There are a lot of legal questions being raised by the novel coronavirus. Lawyers are in demand in these unprecedented times. Currently, the most common concern for businesses everywhere is liability for exposing employees to Covid-19 and the legal obligations of employers generally. These questions are by no means resolved, but some clarity is emerging.
Below are some of the relevant considerations and federal laws at issue.
Protect Employee Health
The Centers for Disease Control and Prevention has issued guidance for employers. All businesses should at least follow this guidance, even if implementing other changes. Recommendations include cleaning and sanitizing the workplace, encouraging workers to stay home when sick, and creating an infectious disease response plan.
Following the CDC Guidance Does Not Give Rise to Liability Under the ADA
On March 19, the EEOC updated its pandemic guidance to note that the “ADA and the Rehabilitation Act do not interfere with employers following advice from the CDC and other public health authorities on appropriate steps to take relating to the workplace." Protecting employees from exposure to Covid-19, in other words, must be the primary concern of employers everywhere.
No OSHA Standard
OSHA has also released guidance for compliance departments and professionals. While there is no current standard specifically for Covid-19, the general duty clause provides that employees must be able to work “free from recognized hazards that are causing or are likely to cause death or serious physical harm." This would reasonably include the novel coronavirus.
Some states, like California, have additional protections. The Cal/OSHA Aerosol Transmissible Disease Standards includes the coronavirus family. It is only mandatory for some healthcare employers, but employers can use those standards to ensure they are doing everything possible to mitigate employee risk.
Naming, Testing, and Restricting Employees
While it is important to limit exposure to your workforce, employees who have coronavirus should not be named. However, employees can be notified if they may have been exposed and some relevant non-identifying information provided to help people understand who is at risk.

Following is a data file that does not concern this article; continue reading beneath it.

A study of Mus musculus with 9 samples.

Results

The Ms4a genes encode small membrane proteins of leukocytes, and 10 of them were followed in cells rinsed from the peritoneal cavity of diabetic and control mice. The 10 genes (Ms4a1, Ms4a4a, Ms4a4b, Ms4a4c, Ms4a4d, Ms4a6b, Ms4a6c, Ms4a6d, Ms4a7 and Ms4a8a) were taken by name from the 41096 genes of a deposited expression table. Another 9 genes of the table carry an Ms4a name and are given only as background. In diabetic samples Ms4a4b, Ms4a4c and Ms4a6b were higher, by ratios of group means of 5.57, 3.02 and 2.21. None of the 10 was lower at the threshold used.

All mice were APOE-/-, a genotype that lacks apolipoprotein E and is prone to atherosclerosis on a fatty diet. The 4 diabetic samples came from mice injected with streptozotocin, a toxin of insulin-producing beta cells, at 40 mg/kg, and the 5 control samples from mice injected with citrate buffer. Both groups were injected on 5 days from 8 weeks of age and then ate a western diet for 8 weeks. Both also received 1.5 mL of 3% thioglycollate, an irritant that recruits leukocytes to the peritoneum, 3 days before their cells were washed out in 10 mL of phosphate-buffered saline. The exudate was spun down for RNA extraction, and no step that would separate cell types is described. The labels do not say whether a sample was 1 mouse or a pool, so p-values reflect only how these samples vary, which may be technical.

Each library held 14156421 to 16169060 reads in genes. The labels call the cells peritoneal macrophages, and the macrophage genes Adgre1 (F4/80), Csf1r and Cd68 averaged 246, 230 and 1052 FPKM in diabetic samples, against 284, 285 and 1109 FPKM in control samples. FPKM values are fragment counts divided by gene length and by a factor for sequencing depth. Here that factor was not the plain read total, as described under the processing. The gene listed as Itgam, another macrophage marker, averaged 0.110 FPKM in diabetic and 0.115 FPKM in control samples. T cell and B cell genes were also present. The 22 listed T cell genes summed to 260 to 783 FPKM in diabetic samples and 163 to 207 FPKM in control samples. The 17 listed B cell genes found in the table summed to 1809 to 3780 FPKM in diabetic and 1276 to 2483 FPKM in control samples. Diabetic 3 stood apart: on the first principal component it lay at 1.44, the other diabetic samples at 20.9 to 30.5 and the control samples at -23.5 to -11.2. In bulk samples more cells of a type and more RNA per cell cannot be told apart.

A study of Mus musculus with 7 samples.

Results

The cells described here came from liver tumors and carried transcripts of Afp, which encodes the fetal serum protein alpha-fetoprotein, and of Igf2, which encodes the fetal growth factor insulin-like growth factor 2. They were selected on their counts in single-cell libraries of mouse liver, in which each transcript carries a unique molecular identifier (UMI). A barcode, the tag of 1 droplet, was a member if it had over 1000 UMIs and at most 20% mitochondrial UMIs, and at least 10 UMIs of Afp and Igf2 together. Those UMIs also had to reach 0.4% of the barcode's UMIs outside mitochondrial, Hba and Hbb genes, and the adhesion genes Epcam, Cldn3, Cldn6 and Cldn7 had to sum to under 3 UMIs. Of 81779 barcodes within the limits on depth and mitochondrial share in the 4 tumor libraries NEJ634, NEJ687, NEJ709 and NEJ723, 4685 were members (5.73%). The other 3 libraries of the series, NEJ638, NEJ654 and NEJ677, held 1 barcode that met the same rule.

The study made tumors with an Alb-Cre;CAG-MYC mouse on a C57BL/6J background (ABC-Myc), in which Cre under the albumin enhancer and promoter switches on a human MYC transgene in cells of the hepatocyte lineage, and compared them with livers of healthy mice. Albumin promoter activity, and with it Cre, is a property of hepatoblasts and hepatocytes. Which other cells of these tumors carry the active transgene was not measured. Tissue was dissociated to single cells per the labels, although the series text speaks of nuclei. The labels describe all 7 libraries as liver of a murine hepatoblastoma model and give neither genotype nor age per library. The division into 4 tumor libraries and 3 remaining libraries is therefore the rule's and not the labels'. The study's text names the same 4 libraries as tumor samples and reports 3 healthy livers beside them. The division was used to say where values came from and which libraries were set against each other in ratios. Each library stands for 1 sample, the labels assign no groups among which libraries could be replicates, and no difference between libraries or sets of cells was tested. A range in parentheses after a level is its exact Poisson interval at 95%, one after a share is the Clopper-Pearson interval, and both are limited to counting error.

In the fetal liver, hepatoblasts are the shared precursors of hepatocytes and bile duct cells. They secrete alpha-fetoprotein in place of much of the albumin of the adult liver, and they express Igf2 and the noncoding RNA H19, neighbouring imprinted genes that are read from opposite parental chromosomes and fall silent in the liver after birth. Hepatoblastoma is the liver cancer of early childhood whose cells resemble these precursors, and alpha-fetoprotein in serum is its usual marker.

Currently, the CDC does not recommend taking the temperature of employees. Also, of course, any and all actions taken by the employer should avoid targeting a protected class, including national origin. All actions should also comply with HIPAA privacy protections. However, the Department of Health and Human Services has issued guidance relating to the coronavirus that does allow for some exceptions.
Can I require employees to be tested for COVID-19?
COVID-19 testing kits are in short supply all throughout the U.S., making it very difficult to test people without a referral by a medical professional. Moreover, employers cannot require employees to undergo testing or even let them know the employee’s results if they do test for COVID-19.
Can I require a doctor’s note for sick leave?
While employers cannot ask for details about an employee’s health-related issues, it is within the law to ask for a doctor’s note confirming that an employee is medically eligible for leave benefits, or safe to emerge from quarantine after being ill.
Can I require an employee to work from home?
Yes, an employer can require employees to work from home to limit exposure to COVID-19. However, all employees must be treated the same without discrimination on the basis of an employee’s age, race, or gender.
Keeping Facilities Safe
If your place of business is still open and you wish to limit contractors, vendors, or visitors at the facilities, you may do so but it should be done with a uniform policy that treats everyone equally across all demographics. The policy should be posted publicly on the property for all guests to see.
Separate from worker's compensation and OSHA compliance, however, are a host of related liability concerns. Potential federal laws to be aware of include:
- The Warn Act if conducting mass layoffs
- The Family and Medical Leave Act (FMLA) if an employee needs to care for a sick relative
- The Fair Labor Standards Act (FLSA) and other wage and hour laws, particularly for remote workers
- Whistleblower laws if an employee expresses concern about traveling or becoming exposed at work due because the business is not following CDC recommendations.
Employers will continue to have to monitor the latest developments. Between mandatory paid time off, liability concerns, and other rapidly developing legal issues, businesses will have to tread carefully to avoid legal risk.